Just two months on the job helping youth aging out of foster care in Oklahoma City, Lindsay Davis has already found the best part of her job as a YVLifeSet specialist.

“I think the best thing is watching them get excited about how YVLifeSet can partner with them to achieve the goals they’ve only dreamed about,” she said. “Seeing their eyes light up and ask, ‘Seriously, you can help me with this?’”

Always having a heart for foster care children, Lindsay said she always worried about what happens once they age out of state custody. A growing body of research across the country shows that young adults face many obstacles when they turn 18 and age out of the foster care system.

“I knew if I had the opportunity to work with youth, teaching them skills to make them a more capable adult, I would do it,” she said. “I wanted a job that was more than just being a caseworker that worked with children and teens. I wanted to work for a company that believed so much in what they were doing and Youth Villages was that place.”

Born and raised in Tulsa, Oklahoma, Lindsay stayed true to her state roots by first attending Oral Roberts University for her undergraduate studies and then the University of Oklahoma for a Masters in human relations with a concentration in mental health/LPC.

“One degree just wasn’t enough,” she joked. “I loved counseling and psychology so much that the thought of not going further with my education was not satisfying.”

Lindsay begins her workdays by checking in with the youth and talking regularly with their caseworkers and therapists about their collaboration of services. She ensures her planned sessions include the goals each youth has set identified as a priority.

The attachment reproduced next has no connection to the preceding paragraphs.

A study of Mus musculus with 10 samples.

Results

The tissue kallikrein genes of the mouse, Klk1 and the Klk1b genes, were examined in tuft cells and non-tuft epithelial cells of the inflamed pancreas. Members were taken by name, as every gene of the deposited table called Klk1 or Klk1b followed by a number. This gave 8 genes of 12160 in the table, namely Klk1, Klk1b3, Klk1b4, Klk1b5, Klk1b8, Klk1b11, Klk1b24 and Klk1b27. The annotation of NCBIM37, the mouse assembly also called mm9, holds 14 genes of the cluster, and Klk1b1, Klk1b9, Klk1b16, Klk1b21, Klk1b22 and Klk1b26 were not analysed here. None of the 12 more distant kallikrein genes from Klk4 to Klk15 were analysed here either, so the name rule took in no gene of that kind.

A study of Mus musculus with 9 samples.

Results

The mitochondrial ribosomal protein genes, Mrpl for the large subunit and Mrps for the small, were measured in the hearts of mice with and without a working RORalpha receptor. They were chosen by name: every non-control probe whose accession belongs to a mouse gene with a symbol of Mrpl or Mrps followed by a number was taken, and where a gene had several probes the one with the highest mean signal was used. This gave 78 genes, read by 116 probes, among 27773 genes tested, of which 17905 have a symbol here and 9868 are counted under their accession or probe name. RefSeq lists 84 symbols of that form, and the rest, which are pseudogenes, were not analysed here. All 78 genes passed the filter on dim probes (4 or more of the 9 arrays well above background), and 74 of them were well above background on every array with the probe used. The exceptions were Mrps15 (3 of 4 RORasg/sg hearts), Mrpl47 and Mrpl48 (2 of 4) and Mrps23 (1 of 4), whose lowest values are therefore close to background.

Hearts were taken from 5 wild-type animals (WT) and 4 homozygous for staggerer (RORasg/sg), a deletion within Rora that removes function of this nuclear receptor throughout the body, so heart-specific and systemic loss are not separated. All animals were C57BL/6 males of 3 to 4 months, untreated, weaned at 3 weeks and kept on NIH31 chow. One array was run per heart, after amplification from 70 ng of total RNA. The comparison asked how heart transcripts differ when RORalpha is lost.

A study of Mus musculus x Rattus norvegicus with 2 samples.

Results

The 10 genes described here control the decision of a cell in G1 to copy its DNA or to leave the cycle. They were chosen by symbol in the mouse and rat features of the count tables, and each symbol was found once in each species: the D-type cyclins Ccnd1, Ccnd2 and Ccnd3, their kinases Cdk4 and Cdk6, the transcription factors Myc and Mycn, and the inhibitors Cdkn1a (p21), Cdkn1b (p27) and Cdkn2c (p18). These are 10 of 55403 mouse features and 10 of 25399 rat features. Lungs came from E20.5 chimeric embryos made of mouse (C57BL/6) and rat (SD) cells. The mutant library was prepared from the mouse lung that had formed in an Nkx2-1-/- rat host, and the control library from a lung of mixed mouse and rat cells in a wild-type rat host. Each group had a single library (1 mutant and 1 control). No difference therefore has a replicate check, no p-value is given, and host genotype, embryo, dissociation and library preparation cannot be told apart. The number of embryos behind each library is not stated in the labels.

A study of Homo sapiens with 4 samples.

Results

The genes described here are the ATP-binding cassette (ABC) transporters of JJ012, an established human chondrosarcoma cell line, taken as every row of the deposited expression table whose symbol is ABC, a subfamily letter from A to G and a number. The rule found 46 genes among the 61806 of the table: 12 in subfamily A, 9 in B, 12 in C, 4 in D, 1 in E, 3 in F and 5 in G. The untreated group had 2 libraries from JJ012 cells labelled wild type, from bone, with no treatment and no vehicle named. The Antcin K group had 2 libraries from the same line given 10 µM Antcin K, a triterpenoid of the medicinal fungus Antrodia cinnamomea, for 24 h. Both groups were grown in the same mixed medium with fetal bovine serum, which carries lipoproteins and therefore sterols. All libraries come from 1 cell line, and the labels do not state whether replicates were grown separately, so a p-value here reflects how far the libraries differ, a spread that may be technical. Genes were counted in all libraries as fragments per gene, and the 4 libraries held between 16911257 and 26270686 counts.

One of the bigger challenges she’s faced as a specialist, Lindsay said, is allowing herself to take the time learn and grow. She said she felt that she was actually making the job harder by adding pressure on herself to be perfect.

“I am a creature of habit. I love having a schedule and a checklist. I am used to seeing a task done once and then doing it myself. This job is constantly on the move. Nothing is the same,” she said. “The youth you work with have unstable schedules that can change at the drop of a hat. The treatment planning process is always evolving.

“I’m thankful for supervisors and an assistant director who took the time to sit down with me and tell me to give myself grace,” she said. “Giving myself grace, time and patience has been the best way to work through any struggle I’ve faced. I think it’s made me a better specialist.”

Lindsay is already collecting memorable moments as a specialist.

“I had a youth, who when we first met at our admission session, stated the intention of earning her GED and even had educational goals laid out beyond the GED to include going to college and onto nursing school,” Lindsay recalled. “When I asked the youth to begin researching which program she wanted to start at, I received a text message at 7 a.m. the next day saying she already knew what we needed to do.”

It took five weeks for this youth to register for a GED course.

“To the youth, this was just signing up for the course,” she said. “To me, this was just a small, stepping stone toward this youth’s first educational goal being accomplished. When we walked out in the parking lot, we stopped and I started cheering for her and, of course, the youth looked at me like I was nuts, but when I told her these small steps deserve to be celebrated just like the big steps, her attitude changed and yes, she even jumped up and down with me.”